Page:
The digital world is unforgiving. There are potential dangers everywhere we go…from email accounts to payment processes to logging in to an online forum to chat about a current hobby. The level of sophistication and skill predators online have is always growing; waiting for a naïve user to walk into their trap.

Naivety is what these predators are looking for. Naivety in terms of lax security behind the scenes. Naivety from getting users to voluntarily giving out their personal information. And it’s this naivety that allows them to operate so successfully.

So how can you best protect yourself in this digital Wild West?

1. Passwords and Access – make them out of a combination of capital letters, numbers, special characters and spaces. The more combinations used, the more difficult it will be to steal. Change them relatively frequently and try not to reuse passwords on multiple sites. Change your home wifi router’s password from the default one that’s printed on the unit (and don’t make it public). Use two-factor authentication when possible.

2. Update your Phone and Computer – there are valuable security updates in these, don’t neglect them. Especially your antivirus software.

3. Assume in Bad Faith – never give out any of your information without being reasonably sure the company, person, service, etc is above board. If someone you’re dealing with over a service like PayPal asks you at the last minute to use “friends and family,” immediately cancel the transaction…in this case, PayPal will not refund any fraudulent activity. Go into any activity online where your information is being shared with extreme skepticism. Do not open any suspicious emails under any circumstances. Never purchase anything from a site that doesn’t start with “https://”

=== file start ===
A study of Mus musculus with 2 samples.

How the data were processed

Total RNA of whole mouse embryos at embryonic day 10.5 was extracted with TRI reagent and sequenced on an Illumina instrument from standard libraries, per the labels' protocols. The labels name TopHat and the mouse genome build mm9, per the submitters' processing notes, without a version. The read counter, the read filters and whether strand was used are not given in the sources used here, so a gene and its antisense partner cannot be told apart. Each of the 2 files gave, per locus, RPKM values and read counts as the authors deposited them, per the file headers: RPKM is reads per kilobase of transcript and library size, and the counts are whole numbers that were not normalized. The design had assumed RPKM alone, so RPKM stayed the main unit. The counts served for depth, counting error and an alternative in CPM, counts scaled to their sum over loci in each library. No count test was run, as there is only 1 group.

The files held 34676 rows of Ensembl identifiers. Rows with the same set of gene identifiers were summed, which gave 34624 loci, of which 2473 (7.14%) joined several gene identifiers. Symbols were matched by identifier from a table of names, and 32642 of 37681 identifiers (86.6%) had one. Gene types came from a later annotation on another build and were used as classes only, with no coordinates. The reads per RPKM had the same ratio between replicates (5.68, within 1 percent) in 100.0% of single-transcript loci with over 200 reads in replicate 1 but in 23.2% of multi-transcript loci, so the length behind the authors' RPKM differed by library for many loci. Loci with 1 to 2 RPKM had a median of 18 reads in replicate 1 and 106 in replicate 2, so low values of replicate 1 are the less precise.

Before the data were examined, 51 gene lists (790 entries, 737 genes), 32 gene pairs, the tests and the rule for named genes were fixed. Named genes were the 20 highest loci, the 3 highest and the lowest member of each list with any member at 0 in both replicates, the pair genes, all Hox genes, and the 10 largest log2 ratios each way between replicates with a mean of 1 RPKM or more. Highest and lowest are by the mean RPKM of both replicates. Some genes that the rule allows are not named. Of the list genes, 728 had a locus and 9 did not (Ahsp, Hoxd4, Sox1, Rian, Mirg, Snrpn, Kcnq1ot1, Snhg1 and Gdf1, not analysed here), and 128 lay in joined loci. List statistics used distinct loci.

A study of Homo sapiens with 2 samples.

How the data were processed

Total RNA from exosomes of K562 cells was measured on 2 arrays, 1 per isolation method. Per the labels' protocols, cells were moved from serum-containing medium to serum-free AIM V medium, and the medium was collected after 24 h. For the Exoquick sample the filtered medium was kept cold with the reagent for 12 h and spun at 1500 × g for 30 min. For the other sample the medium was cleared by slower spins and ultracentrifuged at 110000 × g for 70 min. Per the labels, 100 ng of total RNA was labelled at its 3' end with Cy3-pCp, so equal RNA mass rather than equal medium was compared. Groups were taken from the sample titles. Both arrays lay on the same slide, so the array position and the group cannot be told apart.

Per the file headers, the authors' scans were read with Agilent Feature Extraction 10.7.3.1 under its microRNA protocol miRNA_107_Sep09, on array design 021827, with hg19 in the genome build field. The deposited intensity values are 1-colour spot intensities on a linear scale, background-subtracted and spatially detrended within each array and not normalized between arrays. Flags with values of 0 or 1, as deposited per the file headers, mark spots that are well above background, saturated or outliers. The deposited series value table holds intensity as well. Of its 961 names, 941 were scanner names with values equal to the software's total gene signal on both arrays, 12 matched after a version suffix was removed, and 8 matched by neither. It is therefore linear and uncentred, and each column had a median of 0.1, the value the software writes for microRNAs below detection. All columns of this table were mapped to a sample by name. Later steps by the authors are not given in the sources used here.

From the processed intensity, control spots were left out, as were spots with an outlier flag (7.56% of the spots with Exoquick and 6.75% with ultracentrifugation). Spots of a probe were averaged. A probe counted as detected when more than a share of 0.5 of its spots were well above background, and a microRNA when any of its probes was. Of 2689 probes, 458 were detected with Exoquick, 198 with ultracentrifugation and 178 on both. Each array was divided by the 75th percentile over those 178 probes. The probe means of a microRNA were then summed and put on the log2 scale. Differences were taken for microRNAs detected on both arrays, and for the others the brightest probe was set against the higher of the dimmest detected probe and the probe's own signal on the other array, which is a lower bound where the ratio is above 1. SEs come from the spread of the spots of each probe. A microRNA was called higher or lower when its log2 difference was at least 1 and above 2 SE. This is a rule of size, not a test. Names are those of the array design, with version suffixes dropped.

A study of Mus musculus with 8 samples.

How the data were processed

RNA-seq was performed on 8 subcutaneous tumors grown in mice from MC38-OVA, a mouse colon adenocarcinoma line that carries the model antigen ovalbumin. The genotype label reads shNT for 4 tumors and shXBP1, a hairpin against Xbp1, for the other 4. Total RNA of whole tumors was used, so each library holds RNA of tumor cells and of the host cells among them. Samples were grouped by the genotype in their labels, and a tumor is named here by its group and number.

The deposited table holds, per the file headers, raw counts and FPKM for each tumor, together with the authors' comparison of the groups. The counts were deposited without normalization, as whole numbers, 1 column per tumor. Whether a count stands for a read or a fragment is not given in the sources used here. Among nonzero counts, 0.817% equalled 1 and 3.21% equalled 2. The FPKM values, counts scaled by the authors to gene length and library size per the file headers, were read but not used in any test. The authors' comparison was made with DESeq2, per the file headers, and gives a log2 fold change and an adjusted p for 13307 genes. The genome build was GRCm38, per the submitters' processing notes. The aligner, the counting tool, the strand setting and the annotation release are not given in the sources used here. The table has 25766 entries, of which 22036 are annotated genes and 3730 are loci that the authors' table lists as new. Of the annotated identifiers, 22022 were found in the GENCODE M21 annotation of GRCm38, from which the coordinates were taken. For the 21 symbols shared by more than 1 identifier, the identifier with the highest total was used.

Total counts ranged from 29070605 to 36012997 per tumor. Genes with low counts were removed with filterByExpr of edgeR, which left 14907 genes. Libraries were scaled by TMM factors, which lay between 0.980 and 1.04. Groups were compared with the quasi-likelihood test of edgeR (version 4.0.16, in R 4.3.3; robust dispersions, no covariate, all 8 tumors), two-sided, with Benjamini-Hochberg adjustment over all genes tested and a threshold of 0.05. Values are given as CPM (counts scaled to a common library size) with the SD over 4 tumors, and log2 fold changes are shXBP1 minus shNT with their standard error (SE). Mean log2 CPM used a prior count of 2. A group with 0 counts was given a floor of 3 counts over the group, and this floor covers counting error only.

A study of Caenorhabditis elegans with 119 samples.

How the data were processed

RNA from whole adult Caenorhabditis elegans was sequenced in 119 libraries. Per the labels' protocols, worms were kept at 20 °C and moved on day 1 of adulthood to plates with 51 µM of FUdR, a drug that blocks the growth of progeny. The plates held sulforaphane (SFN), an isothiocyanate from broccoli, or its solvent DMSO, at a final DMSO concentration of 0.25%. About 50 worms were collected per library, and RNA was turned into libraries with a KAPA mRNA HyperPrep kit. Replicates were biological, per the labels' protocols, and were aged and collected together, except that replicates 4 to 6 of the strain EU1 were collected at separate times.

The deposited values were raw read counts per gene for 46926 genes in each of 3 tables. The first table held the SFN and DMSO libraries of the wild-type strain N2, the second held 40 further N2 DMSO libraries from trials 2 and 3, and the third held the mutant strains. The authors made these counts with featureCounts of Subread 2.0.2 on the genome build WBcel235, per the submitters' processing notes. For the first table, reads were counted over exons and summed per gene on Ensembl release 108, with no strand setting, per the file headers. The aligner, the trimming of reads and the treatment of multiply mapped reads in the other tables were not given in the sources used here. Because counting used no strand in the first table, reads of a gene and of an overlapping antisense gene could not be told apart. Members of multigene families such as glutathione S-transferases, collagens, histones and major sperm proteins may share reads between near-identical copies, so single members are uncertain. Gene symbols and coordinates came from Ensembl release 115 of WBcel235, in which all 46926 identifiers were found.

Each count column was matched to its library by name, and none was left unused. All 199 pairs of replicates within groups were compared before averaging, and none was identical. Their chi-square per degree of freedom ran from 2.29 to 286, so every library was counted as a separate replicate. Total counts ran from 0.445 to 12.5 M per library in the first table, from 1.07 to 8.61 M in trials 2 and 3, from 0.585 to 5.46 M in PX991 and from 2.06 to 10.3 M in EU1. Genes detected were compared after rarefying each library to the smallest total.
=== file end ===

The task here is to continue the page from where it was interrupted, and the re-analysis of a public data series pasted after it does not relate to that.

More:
4. Public Wifi – be careful, as these are easy places for dishonest people to operate. Disable cookies on your browser for any site where it’s not completely necessary.

5. Social Media and Online Forums – set your profile as private, and do not share personal information. These sites are a goldmine for information, so restrict access only to people you know and trust.

6. Do not engage – one common way dishonest people get your information “voluntarily” is by calling you directly regarding something like a medical issue, or a maybe they’re telling you your computer has malware now, or that your grandson needs bail money. The longer you engage, the more chance they’ll have to be effective. Tell them “I will get in touch with my own doctor/IT group/lawyer” and end the conversation right there. Do not engage further.

Being stingy with your info, protecting your devices, and smartly navigating the internet (especially when making purchases) are easy and sustainable ways to protect yourself online.

Due to the sophistication of some of these scammers, some might be able to get in touch with you directly. In those cases, get their contact info, cut engagement off as soon as possible, and reach out to a relevant expert to advise you on how best to handle this. This is a way to keep their strategy from getting any traction.

Awareness is key here. Like I mentioned above, naivety is what these people are looking for…and if you’re aware of these things that you’re able to control yourself, you will be a much less inviting target.

Please reach out to me directly at if you have any questions or want to talk about this in more detail.